Millions of years in the past, at the site where Sittanavasal is now, in the Pudukottai district of Tamil Nadu in southern India, a mountainous rock emerged over time out of the earth. It still stands there today, and at some point thousands of years ago, Jain monks went on a steep climb up to the top of the solid rock extending hundreds of feet high, and, with only a narrow path to follow along the ledge on the far side of the rock; there they made their way to a low-ceilinged natural cave, known as Eladipattam. In the cave they carved out seventeen stone beds and stone pillows, where the monks slept, and no doubt they spent long days and hours in meditation in this remote, mystical place high above the universe, where only the wind travels.
One of these stone beds contains a text in the Brahmi script, in the Tamil language, which may date back to either the first century BC or, as the sign says, to the second or third century BC. Other Tamil inscriptions are from later on around the eighth century AD. Unfortunately, there is also a lot of modern graffiti.
It’s not certain how long Jain monks remained in this spot—at least until around the ninth century AD, since a nearby Jain rock-cut temple contains frescoes from that period.
The temple, Arivar-Koil is very small, with just two rooms; in one room are three life-sized sculptures of Jain saints. The one to the left is Parsvanatha, the 23rd Thirtankara, and across from him sits a Jain teacher. The third figure is thought to be another Thirtankara. Jain beliefs are complicated; the Thirtankaras are neither gods nor humans, but they are enlightened beings. Jains are known for their particularly strict adherence to the teaching of ahimsa, or non-violence, which is common to all the spiritual traditions originating in India.
Several million Jains live in India today; however, they now represent less than one percent of the population. In earlier centuries, following the first century AD, both Buddhism and Jainism held sway on the Indian subcontinent. After that time Hinduism gradually regained its position as the predominant religion of India, and Buddhism especially took hold throughout the rest of Asia. As a general rule though, there has been neither violence or animosity among the various spiritual traditions native to India, and, for the most part, they have co-existed with mutual respect and the recognition that they hold similar value systems.
The innermost room of the Arivar-Koil temple contains in the ceiling a circular feature, and the room itself is an echo chamber. Our guide, who knew yoga breathing techniques, was able, by breathing completely silently, to cause the entire room to be filled with a very loud sound of the syllable, Om. No one else there could produce this effect although the rest of us tried. We could, by uttering out loud the sound Om observe that the sound grew louder and louder as it reverberated in the room. But only the guide could produce the remarkable effect of his silent breathing producing a loud audible sound, amplified through the circular feature in the ceiling. So much for the principles of science that lay down the laws of physics, of what can be true and what can’t, since clearly physical laws do not allow sound to come from nowhere—but a loud sound did indeed spring out of the silence of the temple.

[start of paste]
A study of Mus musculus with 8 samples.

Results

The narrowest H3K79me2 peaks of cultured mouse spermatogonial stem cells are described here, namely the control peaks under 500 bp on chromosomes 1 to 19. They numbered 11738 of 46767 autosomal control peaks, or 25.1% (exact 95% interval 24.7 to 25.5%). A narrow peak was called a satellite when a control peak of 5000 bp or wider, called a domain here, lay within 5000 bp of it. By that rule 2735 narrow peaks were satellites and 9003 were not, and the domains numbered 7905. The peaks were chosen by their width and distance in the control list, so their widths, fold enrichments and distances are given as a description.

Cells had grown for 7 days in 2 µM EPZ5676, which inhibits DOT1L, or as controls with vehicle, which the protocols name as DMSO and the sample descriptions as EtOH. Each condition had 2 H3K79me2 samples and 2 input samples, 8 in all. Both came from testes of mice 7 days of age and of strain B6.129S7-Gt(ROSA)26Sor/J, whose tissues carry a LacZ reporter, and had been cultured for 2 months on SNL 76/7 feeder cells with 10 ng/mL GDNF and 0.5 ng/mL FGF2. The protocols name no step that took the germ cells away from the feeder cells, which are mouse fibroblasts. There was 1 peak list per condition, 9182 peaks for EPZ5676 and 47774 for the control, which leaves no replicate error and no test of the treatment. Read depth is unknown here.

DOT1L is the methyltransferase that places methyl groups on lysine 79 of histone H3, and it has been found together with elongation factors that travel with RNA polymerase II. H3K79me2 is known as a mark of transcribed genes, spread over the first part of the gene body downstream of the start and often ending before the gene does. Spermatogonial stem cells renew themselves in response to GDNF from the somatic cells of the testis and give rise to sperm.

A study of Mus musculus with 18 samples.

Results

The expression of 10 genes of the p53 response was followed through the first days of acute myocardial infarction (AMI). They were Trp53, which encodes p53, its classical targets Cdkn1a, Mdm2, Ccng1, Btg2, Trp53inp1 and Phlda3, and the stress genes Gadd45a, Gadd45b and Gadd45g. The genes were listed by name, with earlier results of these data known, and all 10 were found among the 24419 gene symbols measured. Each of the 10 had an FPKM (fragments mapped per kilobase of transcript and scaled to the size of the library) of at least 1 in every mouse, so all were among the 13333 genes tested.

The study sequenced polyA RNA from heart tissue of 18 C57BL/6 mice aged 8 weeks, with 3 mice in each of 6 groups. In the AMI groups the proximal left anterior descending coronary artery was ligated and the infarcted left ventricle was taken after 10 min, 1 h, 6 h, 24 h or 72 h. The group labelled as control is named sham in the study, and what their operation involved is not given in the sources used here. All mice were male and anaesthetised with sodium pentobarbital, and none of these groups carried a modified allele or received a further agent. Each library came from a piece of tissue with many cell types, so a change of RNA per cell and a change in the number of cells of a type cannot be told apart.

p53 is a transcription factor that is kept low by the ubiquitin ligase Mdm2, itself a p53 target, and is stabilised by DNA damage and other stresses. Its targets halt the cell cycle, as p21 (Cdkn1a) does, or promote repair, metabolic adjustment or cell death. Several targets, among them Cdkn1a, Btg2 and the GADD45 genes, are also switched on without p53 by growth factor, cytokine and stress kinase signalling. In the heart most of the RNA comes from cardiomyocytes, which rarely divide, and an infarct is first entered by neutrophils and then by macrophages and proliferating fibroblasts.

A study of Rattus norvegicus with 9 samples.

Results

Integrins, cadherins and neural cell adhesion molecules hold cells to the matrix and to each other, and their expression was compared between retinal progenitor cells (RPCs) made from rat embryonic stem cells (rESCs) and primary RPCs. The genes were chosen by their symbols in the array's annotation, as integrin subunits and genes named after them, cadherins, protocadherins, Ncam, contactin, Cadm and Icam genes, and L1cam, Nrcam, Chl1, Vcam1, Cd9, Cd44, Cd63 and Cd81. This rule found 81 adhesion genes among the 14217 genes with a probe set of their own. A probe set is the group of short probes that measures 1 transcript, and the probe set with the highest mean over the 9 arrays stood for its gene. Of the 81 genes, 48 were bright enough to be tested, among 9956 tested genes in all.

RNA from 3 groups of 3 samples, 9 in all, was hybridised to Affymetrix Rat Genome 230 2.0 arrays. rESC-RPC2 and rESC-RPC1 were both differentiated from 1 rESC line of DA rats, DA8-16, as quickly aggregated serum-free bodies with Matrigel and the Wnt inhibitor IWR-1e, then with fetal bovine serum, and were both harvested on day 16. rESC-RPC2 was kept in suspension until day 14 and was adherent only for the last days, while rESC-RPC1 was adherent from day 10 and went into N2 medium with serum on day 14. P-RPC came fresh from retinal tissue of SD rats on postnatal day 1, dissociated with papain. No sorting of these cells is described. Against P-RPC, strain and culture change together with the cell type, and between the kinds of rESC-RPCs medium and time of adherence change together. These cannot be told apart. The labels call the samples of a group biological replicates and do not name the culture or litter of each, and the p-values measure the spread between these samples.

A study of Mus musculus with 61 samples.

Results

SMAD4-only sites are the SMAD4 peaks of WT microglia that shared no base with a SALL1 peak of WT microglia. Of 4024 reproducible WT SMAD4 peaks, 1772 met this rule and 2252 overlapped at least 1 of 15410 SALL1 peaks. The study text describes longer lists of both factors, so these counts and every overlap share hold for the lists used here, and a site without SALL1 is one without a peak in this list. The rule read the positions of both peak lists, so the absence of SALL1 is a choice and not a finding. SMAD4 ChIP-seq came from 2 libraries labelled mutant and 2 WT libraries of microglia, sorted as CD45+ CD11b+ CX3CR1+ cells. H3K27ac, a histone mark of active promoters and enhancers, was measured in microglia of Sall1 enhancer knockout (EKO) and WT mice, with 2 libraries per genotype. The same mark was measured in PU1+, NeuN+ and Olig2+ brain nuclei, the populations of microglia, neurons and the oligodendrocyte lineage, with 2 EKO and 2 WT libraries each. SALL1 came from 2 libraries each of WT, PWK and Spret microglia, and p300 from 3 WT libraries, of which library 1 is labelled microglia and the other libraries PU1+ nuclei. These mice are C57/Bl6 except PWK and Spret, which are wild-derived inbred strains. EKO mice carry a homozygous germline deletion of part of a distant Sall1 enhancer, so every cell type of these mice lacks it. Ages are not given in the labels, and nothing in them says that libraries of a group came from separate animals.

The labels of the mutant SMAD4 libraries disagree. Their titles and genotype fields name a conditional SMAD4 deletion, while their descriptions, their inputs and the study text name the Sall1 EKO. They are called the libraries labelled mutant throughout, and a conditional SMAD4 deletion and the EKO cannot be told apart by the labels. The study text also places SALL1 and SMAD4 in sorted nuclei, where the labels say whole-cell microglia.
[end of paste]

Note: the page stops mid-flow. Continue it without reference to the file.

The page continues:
I was reminded of one of the tombs at Sakkara, in Egypt, where there is a room also cut out of a single solid stone, no larger than eight feet by ten feet, where when one made a sound, the room picked up the sound and echoed it in a remarkable way. One is reminded also of the myths of ancient Britain, where it is said that Merlin transported giant standing stones by sound alone—and even that there are standing stones, among the 10,000 stone circles scattered throughout the British Isles and Brittany, that have the power to move by themselves in the night—who knows, perhaps they do.
In the temple at Sittanavasal, there are also frescoes, beautiful works of art, some are identical to those found in the Brihadeswara Temple in Trichy not too far away.
The paintings on the walls are remarkable, done with great sensitivity and artistic skill. The central painting is of a pond with lotuses that are being picked by monks, fish, animals, and by the ducks and swans that live in the lake. Other paintings also feature flowers and plants.
Sittanavasal carries to this day a sense of peace and the presence of the otherworldliness of the ancient Jains who led lives of self-sacrifice and devotion.